Flushing out woodcock and chasing wild boar – Franz Joseph and his passion for the chase
Shooting was Franz Joseph’s great passion. Deer, chamois, wood grouse and even wild boar – the emperor is said to have bagged a handsome total of 55,000 game animals over the course of his long life.
Whenever Franz Joseph swapped his uniform for his lederhosen and wore his hat decorated with a Gamsbart, a tuft of chamois hair, the otherwise so-unapproachable monarch appeared exactly like an ordinary citizen. Hunting was not a passion specific to of Franz Joseph and his family, but a suitable leisure activity for the nobility in general. After all, it was the aristocracy who could afford the necessary hunting grounds in order to indulge in their passion.
Franz Joseph, who distinguished himself as an especially assiduous and enthusiastic sportsman, purchased countless hunting lodges and commissioned the building of hunting chateaux, including those at Eisenerz (Styria), Radmer (Styria), Langbathsee and Offensee (Upper Austria). The most important hunting chateau, situated near the Semmering in Styria, was constructed in 1867 in ‘Swiss style’, and from 1903 was known as ‘Schloss Mürzsteg’. The location affords a superb view of the Hohe Veitsch, the highest peak in the Mürzsteg Alps.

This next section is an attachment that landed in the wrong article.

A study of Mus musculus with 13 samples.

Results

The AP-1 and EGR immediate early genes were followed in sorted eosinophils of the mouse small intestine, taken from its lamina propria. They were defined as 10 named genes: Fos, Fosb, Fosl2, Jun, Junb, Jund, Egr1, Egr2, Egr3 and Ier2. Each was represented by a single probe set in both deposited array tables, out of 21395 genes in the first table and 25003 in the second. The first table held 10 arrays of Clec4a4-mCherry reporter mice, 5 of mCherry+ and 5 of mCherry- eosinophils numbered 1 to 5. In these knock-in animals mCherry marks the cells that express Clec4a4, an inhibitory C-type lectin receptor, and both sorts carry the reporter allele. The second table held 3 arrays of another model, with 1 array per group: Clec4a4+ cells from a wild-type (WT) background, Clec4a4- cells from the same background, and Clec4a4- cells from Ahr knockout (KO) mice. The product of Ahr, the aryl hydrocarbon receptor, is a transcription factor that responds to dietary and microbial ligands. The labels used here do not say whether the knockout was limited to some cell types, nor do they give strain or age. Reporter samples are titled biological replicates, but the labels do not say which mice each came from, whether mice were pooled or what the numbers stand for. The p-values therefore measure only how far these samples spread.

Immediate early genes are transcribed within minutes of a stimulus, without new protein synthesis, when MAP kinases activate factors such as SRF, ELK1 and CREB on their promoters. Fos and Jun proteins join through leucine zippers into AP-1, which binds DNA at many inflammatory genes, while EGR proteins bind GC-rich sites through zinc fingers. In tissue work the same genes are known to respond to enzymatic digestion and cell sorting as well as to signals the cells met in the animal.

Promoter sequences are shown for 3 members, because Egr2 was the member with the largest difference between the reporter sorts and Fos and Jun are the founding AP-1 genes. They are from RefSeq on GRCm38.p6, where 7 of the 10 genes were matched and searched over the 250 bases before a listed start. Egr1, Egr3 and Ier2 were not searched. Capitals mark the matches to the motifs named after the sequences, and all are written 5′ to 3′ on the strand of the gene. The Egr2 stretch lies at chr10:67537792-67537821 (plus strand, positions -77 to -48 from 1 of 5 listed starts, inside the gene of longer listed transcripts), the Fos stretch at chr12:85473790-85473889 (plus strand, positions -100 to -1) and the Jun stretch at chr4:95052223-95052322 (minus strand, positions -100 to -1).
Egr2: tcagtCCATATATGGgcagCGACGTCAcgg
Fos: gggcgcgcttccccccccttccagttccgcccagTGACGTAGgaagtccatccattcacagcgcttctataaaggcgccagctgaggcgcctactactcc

Since hunting was a vehicle for both social and political gatherings, at Mürzsteg there were not only six guest rooms, a dining room and a billiard room, but on the first floor, next to the emperor’s parlour, there were also apartments for the monarchs among the guests. These included, for instance, Tsar Nicholas who, upon his visit to Styria in 1903, not only shot seventeen chamois, but also negotiated with the Austro-Hungarian monarch the ‘Mürzsteg Programme’ on Balkan politics. This was an agreement on a joint political approach in the Balkans, which gave rise to fears particularly in Italy and England that the Tsar would give Franz Joseph free rein in the Balkans.
Whenever there were no actual global political negotiations going on, compared with everyday life at the court, life in the hunting lodges tended to be fairly casual. This was particularly the case with hunting dinners. Simple dishes were prepared, such as the well-known Kaiserschmarrn (shredded sweet pancake with raisins) or Geselchtes mit Sauerkraut und Knödeln (cured smoked pork with sauerkraut and dumplings), and these were served on plates decorated with hunting motifs. After the meal, the diners enjoyed lingering at table and conversing. On shoots, hunters would take cold meat, bread and cognac with them. If the weather was very cold, they also took vacuum flasks containing tea or soup.
For Franz Joseph’s birthday or name day, Elisabeth liked to give him items for his hunting lodges; she gave him a Minton service for Schloss Langbathsee. Alternatively, she arranged for renovation work to be undertaken, such as the decoration of rooms or installation of a telephone. Since 1946, Schloss Mürzsteg has been at the disposal of the incumbent Austrian president as a summer residence.